A party-list lawmaker on Monday said the owner of the barge carrying petroleum products that blew up off Iloilo City should pay for the environmental degradation caused by the spill and the economic losses that it caused on coastal communities.
Rep. Michael Defensor of Anakalusugan, also a former Secretary of Environment and Natural Resources, said: “We are also counting on the operator of the power barge – AC Energy Corp. – to pay for the cleanup of the spill.”
“The Oil Pollution Compensation Law of 2007, or Republic Act 9483, imposes strict liability for oil pollution damage and guarantees adequate reparation for adversely affected populations, especially those that depend on fishing and seashell harvesting,” Defensor said.
Under the law, Defensor said owners of vessels that “cause pollution damage or create a grave and imminent threat of causing such damage,” are liable for several offenses.
These include, he said, expenses actually incurred in clean-up operations at sea or on shore; costs incurred for preventive measures and further loss or damage caused by such preventive measures; consequential loss or loss of earnings suffered by owners or users of property contaminated or damaged as a direct result of the spill; pure economic loss or loss of earnings sustained by people, even if the property tainted or spoiled by the slick does not belong to them; damage to human health or loss of life as a direct result of the incident; and environmental damage and other reasonable measures of restoration.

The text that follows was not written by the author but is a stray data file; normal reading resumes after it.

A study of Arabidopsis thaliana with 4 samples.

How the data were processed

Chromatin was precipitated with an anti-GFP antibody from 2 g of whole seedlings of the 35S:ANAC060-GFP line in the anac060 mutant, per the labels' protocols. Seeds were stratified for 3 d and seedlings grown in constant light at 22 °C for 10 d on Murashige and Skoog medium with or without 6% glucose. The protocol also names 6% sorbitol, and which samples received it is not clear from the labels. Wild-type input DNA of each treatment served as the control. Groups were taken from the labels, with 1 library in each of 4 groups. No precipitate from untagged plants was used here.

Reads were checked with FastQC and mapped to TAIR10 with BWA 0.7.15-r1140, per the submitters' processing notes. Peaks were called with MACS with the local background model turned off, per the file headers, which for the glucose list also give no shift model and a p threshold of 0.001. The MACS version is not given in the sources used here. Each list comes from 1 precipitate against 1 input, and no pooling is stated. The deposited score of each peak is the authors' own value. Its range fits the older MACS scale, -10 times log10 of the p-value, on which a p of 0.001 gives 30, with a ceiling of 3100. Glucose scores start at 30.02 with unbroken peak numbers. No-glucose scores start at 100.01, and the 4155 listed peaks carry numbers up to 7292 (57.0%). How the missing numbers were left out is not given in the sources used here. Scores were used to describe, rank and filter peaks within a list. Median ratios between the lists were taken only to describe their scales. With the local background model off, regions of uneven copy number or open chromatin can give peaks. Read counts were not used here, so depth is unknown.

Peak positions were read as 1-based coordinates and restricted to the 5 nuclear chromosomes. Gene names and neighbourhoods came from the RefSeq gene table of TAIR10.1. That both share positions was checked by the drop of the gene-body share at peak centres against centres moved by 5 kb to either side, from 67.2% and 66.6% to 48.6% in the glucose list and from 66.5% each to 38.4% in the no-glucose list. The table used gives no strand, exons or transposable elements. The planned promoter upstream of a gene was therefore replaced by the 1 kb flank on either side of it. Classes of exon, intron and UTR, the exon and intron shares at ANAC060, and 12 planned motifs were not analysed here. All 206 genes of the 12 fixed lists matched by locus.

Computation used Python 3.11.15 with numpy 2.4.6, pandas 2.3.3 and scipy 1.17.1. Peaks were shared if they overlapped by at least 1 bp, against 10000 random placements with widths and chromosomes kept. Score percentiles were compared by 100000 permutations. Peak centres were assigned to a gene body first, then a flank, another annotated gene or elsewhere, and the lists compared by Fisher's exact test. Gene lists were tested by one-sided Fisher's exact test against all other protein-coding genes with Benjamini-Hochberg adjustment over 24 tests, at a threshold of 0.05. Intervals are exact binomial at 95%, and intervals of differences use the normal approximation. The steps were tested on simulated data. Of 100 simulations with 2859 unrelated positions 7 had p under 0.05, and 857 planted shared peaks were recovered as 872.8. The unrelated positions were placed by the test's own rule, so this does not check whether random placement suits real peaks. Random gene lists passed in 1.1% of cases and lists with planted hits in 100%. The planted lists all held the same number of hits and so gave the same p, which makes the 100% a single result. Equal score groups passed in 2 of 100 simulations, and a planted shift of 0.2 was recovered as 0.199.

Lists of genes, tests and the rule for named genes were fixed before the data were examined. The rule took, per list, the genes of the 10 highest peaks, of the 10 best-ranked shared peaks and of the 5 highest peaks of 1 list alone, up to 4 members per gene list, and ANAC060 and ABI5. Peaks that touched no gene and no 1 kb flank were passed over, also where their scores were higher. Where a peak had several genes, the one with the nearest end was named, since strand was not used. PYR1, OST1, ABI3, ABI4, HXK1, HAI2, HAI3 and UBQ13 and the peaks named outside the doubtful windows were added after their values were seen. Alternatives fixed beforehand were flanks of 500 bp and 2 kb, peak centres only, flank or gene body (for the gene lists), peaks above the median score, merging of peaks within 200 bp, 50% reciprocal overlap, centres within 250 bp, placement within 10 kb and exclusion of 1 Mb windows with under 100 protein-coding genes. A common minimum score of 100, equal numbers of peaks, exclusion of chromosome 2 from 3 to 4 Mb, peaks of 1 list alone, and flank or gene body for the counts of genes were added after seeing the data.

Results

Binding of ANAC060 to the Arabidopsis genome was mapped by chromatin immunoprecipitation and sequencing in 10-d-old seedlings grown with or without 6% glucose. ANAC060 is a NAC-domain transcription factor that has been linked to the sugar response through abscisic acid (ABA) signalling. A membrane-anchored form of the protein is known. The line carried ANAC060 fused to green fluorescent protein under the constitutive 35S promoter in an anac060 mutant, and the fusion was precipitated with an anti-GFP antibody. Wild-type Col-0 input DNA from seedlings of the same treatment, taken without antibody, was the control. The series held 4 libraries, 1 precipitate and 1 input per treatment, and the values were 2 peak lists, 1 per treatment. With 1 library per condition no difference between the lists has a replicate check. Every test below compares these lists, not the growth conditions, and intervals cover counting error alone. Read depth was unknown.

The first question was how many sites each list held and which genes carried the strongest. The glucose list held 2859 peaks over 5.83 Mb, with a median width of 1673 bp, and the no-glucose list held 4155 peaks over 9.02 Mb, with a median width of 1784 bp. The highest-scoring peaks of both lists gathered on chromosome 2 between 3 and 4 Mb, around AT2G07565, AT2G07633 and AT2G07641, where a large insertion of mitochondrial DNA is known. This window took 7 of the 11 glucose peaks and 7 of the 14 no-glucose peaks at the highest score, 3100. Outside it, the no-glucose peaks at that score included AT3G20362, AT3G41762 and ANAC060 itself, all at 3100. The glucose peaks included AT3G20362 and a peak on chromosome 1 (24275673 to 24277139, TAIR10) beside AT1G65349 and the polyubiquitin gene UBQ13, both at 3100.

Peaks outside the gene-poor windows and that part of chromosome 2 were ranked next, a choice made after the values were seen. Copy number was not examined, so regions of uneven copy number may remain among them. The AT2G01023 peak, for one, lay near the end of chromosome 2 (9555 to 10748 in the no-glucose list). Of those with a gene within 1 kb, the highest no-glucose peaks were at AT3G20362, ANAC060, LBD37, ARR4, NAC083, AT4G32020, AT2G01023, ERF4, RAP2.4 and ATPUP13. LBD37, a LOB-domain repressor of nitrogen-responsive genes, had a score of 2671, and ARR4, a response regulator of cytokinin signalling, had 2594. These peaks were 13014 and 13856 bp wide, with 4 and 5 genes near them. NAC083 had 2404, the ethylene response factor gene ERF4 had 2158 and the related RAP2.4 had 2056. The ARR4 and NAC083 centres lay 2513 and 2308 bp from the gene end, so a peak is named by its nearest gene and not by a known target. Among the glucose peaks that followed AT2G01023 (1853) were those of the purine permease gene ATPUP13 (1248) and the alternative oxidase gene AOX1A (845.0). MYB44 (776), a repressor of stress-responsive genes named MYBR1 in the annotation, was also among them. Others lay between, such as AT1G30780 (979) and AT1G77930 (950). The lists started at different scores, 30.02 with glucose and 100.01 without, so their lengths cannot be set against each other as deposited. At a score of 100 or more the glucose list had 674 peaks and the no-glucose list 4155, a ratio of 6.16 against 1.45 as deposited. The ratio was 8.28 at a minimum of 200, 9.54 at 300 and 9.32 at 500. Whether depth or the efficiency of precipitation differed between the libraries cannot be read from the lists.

“These liabilities are apart from whatever fines may be imposed by the Pollution Adjudication Board on AC Energy for violations of the Clean Water Act of 2004,” Defensor said.
After the cleanup, AC Energy is also expected to rehabilitate the coastal ecosystem ravaged by the spill, Defensor said.
A blast ruptured Power Barge 102’s fuel oil storage tank Friday, spilling some 251,000 liters of petroleum by Saturday morning in the waters off Iloilo’s Barangay Barrio Obrero, according to the Philippine Coast Guard.
Private suppliers like AC Energy have been deploying power barges –self-contained, floating power plants – to help address recurring electricity shortages in the Visayas grid.